Volume 2 Issue 17 | September 01, 2007 |



Questions and Using “Had Done”

Direct questions - yes/no questions
1. He likes swimming.
2. He can swim long distances.
3. He is a good swimmer.

To make sentence 1 into a question, you need to add does. The does goes before he.
Does is only used if the subject is he, she or it - in all other cases, use do.

The verb like goes after the subject, but it doesn't have an 's' on the end.
Remember: after auxiliary verbs (like do, does, have, can, etc.) the verb is in the infinitive, without 'to'.
"Does he like swimming?" Not "Does he likes swimming?" or "Do he like swimming?"

If the sentence is in the past tense (he liked swimming), we use the past form of 'do' or 'does', which is did. The verb 'like' is still in the infinitive without 'to'.
For example, "Did he like swimming?" Not "Did he liked swimming?"
To make sentence 2 into a question, you don't need to use 'does' because you already have an auxiliary verb - can. So you put the can before he.

"Can he swim long distances?" Not "Can swim he long distances?" or "Does he can swim long distances?"
To make sentence 3 into a question, use is as the auxiliary.
"Is he a good swimmer?" Not "Does he is a good swimmer?" or "Does he be a good swimmer?"

Direct questions - "wh" questions
What is your name?
Why do you want this job?
How much do you earn?
How soon can you start?
When did you see the advertisement?
Where do you live?
Which newspaper did you see the advertisement in?
Who gave you my name?

After the "wh word" (what, why, how, when, etc) comes the auxiliary (do, does, did or can), then the subject (you) , then the rest of the question.
Note: if 'who', 'which' or 'what' are the subject of the question, you don't need an auxiliary.

For example, "What happened?" Not "What did happen?" The thing that happened is what - the subject of the question.
"Who saw you?" Someone saw you - who was it?
Compare with "Who did you see?" You saw someone - who was it?)

"Which company made a profit?" A company made a profit - which company was it?
Compare with "Which company did you work for?" You worked for a company - which one was it?

Indirect questions
If you want to ask a question that is quite sensitive, try using one of the indirect phrases below:



















Can you tell me…
Could you tell me…
I'd be interested to hear…
I'd like to know…
Would you mind telling me…

These questions are followed by either about, a "wh word" or if. Then you add the subject, then the sentence.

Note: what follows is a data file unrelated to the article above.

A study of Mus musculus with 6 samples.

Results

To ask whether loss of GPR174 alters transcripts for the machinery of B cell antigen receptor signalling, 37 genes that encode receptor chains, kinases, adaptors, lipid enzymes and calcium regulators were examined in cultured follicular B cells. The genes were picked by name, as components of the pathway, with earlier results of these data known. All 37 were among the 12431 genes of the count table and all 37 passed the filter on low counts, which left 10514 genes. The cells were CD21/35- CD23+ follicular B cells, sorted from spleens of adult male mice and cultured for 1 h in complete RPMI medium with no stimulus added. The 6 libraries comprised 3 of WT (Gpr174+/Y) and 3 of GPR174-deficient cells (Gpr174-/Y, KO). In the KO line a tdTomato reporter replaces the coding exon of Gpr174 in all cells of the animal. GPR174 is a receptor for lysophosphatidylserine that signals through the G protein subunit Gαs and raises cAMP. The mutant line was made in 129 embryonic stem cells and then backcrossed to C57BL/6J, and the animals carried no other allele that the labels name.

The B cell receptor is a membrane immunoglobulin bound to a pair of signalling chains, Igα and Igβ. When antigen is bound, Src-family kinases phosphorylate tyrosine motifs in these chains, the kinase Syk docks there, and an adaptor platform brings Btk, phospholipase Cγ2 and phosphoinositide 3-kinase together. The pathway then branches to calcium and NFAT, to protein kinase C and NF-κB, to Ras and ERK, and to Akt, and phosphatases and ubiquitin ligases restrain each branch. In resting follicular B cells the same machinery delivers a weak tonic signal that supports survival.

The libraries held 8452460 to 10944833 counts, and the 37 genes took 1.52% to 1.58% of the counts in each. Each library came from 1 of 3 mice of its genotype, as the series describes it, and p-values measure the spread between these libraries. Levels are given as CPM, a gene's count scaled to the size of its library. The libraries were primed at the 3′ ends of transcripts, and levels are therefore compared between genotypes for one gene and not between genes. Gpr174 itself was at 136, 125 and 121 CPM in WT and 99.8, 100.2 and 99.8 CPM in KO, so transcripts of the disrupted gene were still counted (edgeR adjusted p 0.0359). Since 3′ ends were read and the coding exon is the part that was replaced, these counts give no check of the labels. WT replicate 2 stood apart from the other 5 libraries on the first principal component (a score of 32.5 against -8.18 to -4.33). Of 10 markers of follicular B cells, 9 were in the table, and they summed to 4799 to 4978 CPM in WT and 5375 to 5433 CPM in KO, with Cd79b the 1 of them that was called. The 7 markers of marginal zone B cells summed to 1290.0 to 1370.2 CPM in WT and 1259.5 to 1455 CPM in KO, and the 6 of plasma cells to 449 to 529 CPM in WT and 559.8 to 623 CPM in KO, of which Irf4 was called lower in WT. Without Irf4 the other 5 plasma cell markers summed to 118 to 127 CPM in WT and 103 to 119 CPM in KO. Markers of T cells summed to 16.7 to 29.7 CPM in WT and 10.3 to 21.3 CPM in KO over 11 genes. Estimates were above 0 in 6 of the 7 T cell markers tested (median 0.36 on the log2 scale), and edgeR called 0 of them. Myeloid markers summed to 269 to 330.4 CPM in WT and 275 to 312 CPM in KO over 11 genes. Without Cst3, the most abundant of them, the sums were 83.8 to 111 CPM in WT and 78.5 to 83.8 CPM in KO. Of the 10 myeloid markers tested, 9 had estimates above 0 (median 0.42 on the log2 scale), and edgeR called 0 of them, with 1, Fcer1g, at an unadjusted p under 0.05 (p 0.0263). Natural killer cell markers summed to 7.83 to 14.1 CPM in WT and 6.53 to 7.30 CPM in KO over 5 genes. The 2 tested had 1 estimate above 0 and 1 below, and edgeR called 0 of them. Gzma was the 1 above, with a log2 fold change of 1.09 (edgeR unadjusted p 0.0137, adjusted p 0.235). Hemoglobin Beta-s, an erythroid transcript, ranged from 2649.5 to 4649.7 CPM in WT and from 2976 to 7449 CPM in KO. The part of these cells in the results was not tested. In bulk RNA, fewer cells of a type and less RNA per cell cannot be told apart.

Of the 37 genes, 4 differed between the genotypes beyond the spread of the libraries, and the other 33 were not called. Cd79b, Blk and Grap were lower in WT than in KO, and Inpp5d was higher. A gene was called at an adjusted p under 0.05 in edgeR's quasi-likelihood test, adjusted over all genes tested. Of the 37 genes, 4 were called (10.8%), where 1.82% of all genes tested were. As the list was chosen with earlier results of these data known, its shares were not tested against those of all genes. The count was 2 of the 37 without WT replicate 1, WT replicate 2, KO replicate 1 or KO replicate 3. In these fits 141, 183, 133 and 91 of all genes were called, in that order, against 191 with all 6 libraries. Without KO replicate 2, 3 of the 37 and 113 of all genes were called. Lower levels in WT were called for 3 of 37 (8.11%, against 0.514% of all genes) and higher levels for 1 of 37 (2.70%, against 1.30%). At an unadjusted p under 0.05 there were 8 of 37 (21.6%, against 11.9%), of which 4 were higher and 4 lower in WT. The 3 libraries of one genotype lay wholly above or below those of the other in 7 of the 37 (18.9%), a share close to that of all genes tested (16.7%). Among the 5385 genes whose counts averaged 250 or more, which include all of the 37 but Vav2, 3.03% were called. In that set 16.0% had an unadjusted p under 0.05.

You don't need an 'auxiliary', such as 'do', 'does', 'did', or 'can'.

"Can you tell me what you like most about your present job?" Not "Can you tell me what do you like?"
"I'd be interested to hear about your experiences."
"Would you mind telling me if you have applied for a similar position before?"

Using "had done" in English
The "had done" form (or past perfect) is one of the least used tenses in English. We only really use it in the following situations.

* When it's important to say which event happened first in the past
* In reported speech
* To show regret about the past
* In conditional (if) sentences

Normally, when we say what happened in the past, we use the simple past or past continuous form.
For example, "He got up early to go to the beach. He spent all day there and went home as it was getting dark."
We know which order things happened in, so we don't need the past perfect tense.

Sometimes, we need to explain which events happened before other ones (especially if we "jump" around in our story). When we need to show that one thing happened before another, we can use the past perfect form.
For example, "I was hungry, as I hadn't eaten all day." (Being hungry happened after not eating all day.)
Compare these two sentences:

"When he got to the airport, the plane took off." (The plane took off after he arrived at the airport.)
"When he got to the airport, the plane had taken off." (The plane took off before he arrived at the airport.)

Reported speech
"I didn't see her," he said.
Because his words are in the past, when we report them we need to go one tense back and use the past perfect.
"He told me he hadn't seen her."

This is also the case if the words are in the present perfect.
"I have never been to Scotland."
She said that she had never been to Scotland.

To show regret

I wish I hadn't gone to the party. (But I went.)
If only she hadn't bought that car. (But she did.)

Conditional sentences (when we speculate about past events)
If I had worked harder, I would have passed the exam. (But I didn't work harder, so I failed.)
If you had told me, I could have helped. (But you didn't tell me, so I couldn't help.)
If they had left earlier, they might have caught the plane. (But they didn't leave earlier, so they didn't get the plane.)